I’m on a bus. Alone. The seat beside me is empty, save for a sandwich, a bottle of water, and my Kindle. It feels empty without Rob beside me, his long legs askew and his hand on my thigh. It also feels undeniably spacious. And that’s the theme I’m exploring this week: space.
I’m heading to a peninsula jutting into the cold Pacific waters off New Zealand’s North Island. Rob is flying to American Samoa to visit a buddy from his Peace Corps days. I didn’t want to go for a number of reasons: money, travel time, the fact that we just left a very similar setting. But the main reason was to create some space.
I love Rob more than most things on this planet. I love him even more fiercely after our travels together. But we haven’t spent more than 24 hours apart in the past year. Hell, it’s rare that we spend more than two hours away from each other. As independent, self-sufficient people, that’s kinda weird. And sometimes unsettling – what if we become too dependent on the other to spend time apart?
Solo explorations infuse our relationship with new energy, and give us the freedom to disengage from the sometimes too-comfortable couple circle we present to the rest of the world. It’s hard to break into a circle, so the space inside can get stagnant. We do better together when we take a little time to explore the world alone. Separately. Individually.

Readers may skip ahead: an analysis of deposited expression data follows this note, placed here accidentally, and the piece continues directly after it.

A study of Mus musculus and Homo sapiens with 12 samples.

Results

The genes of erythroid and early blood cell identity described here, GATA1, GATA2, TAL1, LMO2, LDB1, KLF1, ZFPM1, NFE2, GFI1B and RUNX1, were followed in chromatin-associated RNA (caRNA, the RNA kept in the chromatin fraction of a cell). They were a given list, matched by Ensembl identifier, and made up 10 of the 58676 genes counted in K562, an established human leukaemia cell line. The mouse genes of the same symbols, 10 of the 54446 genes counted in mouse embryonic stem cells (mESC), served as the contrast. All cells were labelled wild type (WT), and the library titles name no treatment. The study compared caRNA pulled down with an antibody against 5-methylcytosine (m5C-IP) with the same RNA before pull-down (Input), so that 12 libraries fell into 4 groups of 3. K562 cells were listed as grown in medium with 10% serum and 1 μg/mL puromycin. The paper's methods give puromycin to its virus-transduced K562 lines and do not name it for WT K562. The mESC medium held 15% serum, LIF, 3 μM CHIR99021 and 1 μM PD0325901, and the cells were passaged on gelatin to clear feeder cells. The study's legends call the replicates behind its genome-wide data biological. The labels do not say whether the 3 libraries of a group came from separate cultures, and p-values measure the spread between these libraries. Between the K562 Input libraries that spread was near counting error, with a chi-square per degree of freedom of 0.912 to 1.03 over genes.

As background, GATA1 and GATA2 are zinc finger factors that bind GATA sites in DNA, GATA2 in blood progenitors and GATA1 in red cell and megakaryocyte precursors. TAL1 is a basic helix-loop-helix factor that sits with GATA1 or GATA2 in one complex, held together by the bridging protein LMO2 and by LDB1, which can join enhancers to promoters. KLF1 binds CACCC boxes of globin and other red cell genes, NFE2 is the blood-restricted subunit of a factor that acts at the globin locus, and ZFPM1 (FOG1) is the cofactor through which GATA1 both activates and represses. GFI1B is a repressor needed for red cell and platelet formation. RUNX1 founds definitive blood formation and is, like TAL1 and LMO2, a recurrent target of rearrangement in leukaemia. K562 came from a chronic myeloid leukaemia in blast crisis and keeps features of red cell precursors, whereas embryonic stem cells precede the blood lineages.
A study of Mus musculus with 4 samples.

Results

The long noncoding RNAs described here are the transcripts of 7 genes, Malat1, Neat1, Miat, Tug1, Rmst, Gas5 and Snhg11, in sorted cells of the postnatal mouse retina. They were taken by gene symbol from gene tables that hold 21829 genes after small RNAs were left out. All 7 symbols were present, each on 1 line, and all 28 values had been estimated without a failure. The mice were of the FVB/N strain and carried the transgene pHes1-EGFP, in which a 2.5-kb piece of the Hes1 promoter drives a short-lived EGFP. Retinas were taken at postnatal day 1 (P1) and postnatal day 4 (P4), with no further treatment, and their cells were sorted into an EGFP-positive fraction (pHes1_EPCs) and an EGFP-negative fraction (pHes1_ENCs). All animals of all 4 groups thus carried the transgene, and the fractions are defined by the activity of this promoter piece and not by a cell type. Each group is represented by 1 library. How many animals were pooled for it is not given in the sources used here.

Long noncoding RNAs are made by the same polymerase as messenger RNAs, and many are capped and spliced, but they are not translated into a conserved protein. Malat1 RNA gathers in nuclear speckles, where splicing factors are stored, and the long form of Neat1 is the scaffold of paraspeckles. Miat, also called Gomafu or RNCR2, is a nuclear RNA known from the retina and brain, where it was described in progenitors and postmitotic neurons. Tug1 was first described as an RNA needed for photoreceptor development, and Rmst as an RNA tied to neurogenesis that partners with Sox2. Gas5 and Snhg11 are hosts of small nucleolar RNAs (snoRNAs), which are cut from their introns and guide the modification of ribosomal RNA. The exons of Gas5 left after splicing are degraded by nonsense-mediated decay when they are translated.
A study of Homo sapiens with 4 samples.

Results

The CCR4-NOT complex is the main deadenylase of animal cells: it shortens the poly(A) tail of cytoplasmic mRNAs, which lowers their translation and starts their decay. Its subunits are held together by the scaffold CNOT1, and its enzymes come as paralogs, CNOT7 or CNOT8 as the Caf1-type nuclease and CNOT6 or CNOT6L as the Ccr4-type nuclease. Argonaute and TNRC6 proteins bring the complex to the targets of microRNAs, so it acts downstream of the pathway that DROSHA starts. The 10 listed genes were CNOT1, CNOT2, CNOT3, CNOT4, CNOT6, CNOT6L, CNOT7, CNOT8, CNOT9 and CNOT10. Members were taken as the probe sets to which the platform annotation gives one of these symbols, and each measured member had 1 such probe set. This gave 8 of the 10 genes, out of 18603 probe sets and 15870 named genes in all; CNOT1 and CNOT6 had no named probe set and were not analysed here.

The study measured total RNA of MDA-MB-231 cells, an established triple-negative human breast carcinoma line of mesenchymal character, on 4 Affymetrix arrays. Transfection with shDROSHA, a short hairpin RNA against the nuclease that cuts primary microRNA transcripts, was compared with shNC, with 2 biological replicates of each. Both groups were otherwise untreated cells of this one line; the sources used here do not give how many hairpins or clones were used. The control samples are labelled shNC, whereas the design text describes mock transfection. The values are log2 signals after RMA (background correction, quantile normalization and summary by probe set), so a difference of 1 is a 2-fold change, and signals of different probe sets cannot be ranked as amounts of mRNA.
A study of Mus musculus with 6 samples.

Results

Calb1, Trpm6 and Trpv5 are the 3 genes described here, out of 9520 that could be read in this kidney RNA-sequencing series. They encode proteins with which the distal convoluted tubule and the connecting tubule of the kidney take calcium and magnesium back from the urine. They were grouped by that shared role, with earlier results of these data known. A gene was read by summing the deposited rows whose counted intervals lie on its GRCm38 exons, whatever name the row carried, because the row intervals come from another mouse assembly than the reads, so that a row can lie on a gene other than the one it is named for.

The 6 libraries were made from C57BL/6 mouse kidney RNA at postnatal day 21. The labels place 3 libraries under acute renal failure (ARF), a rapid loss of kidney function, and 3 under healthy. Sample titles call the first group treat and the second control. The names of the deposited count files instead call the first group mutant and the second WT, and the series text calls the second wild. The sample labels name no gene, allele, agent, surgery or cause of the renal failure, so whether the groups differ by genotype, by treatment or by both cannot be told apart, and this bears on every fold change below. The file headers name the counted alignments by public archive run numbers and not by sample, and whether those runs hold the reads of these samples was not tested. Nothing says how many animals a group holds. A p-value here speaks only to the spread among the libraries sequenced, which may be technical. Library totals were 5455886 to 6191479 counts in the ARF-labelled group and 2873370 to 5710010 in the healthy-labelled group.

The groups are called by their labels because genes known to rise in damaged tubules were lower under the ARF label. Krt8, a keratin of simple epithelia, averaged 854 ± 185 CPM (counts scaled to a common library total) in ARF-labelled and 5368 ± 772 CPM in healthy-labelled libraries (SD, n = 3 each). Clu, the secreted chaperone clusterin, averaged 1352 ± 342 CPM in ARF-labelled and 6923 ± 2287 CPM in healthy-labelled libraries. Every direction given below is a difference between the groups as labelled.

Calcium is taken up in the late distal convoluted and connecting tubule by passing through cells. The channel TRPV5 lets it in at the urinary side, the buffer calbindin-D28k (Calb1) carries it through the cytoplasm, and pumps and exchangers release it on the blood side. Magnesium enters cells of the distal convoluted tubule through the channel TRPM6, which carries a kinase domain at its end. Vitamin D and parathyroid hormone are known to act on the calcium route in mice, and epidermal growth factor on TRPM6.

Being alone provides a completely different space for my thoughts and my body. I move differently, am more observant, more quiet, more spontaneous. I can eat what I want, when I want. I can read all day or write all night. The space I usually allot to Rob is waiting, beckoning, a blank slate to fill as I’d like.
This last year is the longest I’ve gone without an “alone time” trip of my own. During our relationship, I’ve spent at least one hundred nights away from Rob — for work, for fun, for me. For us. All of these trips created a different energy in the space vacated by my husband. It’s always a pleasure to see what wiggles into that space when I’m alone. Sometimes it’s chaos, sometimes it’s peace. It’s always enlightening.
Today, I’m on a bus alone. I’m going on an adventure to see what I can find. I’m following my feet wherever they take me, knowing that – in the end – they will take me back to Rob, where we will reunite to share our stories, our space, ourselves.